August 15, 2022

Republican members of Congress want to prevent their colleagues from putting family members on the campaign payroll after several prominent Democratic lawmakers have been called out over the practice.

The Family Integrity to Reform Elections (FIRE) Act, to be introduced by Rep. Pat Fallon (R-Texas) on Monday, would bar any candidate running for federal office from compensating immediate family members for campaign services.

“Maxine Waters [paid] $1.1 million to her daughter from campaign funds,” Fallon told The Post in a statement. “Ilhan Omar, $2.9 million to her husband from campaign funds. James Clyburn, over $200,000 to multiple family members from his campaign.”

Rep. Pat Fallon will introduce the Family Integrity to Reform Elections Act.
Jason Andrew/The New York Times via AP

“The numbers speak for themselves,” Fallon added. “Americans are sick of politicians abusing their voters’ hard-earned money. This modern-day spoils system must end. My bill shines light on shady campaign finance practices while punishing those who take advantage of these funds to enrich their families.”

It is currently legal for lawmakers to employ family members to work on campaigns. However, Federal Election Commission regulations prohibit paying candidate relatives a salary unless they are “providing bona fide services to the campaign” and the salary represents “fair market value of the services provided.”

The legislation – first reviewed by The Post – would extend the ban to any political committee “established, maintained or controlled by a candidate or an individual holding Federal office” – blocking any current lawmaker from compensating a family member for working on their campaign.

Rep. Maxine Waters.
Rep. Maxine Waters shelled out $24,000 in campaign funds to her daughter Karen in the first quarter of this year.
Damian Dovarganes/AP
Karen Waters.
Karen Waters was paid by the campaign committee “Citizens for Waters” for “slate mailer management” fees.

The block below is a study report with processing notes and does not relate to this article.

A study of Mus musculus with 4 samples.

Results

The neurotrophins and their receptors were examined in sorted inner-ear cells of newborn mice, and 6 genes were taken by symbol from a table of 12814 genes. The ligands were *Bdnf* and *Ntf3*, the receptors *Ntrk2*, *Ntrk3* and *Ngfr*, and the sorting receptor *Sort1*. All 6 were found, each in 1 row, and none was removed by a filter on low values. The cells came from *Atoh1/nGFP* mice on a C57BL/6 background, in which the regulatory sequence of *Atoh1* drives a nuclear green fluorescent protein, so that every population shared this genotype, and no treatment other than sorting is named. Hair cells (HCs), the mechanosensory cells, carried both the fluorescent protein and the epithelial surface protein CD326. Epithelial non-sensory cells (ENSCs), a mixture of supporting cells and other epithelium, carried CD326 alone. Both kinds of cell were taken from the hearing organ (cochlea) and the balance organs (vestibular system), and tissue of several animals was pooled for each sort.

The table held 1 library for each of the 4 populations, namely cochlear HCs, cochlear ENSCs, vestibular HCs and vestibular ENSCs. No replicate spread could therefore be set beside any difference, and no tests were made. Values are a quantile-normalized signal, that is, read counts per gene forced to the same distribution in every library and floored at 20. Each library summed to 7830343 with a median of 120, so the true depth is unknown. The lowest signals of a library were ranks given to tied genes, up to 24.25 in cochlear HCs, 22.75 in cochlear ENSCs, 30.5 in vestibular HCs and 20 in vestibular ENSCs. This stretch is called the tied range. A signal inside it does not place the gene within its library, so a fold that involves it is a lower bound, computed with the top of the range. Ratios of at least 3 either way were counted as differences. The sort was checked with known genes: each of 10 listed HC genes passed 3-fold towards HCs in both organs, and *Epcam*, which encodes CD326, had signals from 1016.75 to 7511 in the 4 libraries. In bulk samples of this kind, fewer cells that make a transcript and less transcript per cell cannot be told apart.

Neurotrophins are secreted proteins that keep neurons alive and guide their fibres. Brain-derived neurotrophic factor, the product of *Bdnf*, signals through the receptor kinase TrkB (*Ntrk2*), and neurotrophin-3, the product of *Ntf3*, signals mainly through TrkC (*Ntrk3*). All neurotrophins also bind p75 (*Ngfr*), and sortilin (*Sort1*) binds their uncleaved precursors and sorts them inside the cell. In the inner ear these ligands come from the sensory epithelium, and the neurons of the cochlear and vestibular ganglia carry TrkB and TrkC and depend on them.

Frederic J. Brown/AFP via Getty Images

Fallon’s bill would also require campaigns to report any payments made to a candidate’s immediate family members.


If the bill becomes law, any candidate who violates the ban would face a fine of either $100,000 for each violation or twice the amount paid to the family members — whichever is greater — and/or imprisonment for up to two years. The campaign committee would not be permitted to reimburse the candidate for any of the penalties. 

Congresswoman Ilhan Omar posing with her husband Tim Mynett.
Rep. Ilhan Omar reportedly paid $2.9 million to her husband from campaign funds.
Instagram/@ilhanmn
Dr. Jennifer Clyburn Reed with father, Democratic Rep. James Clyburn.
Rep. James Clyburn (far right, seen next to his daughter) paid over $200,000 to multiple family members from his campaign.
Twitter/@SenatorCarper

The legislation – co-sponsored by Reps. Ronny Jackson (R-Texas), Byron Donalds (R-Fla.), Pete Sessions (R-Texas), Jake Ellzey (R-Texas), Randy Weber (R-Texas), Brian Babin (R-Texas), Andrew Garbarino (R-NY), Kat Cammack (R-Fla.) and Troy Nehls (R-Texas) –  faces a steep climb in Congress as both Democratic and Republican candidates have been known to hire immediate family members and pay them for their services. 

In 2020, Opensecrets found that more than a dozen current members of Congress – five Republicans and nine Democrats – were paying at least $16,000 in wages to family members. 

Waters has long dwarfed her colleagues in this regard, shelling out $24,000 in campaign funds to her daughter Karen in the first quarter of this year alone, per records from the Federal Election Commission. 

The records indicate Waters’ daughter was paid by the campaign committee “Citizens for Waters” for “slate mailer management” fees. 

The payments mirrored similar outlays in 2021 – during which the younger Waters was paid $81,650 – and the last election cycle, during which she was paid around $240,000. 


“This legislation will shine a light on campaign finance and hold candidates for public office to a higher standard on par with the public trust they wield.”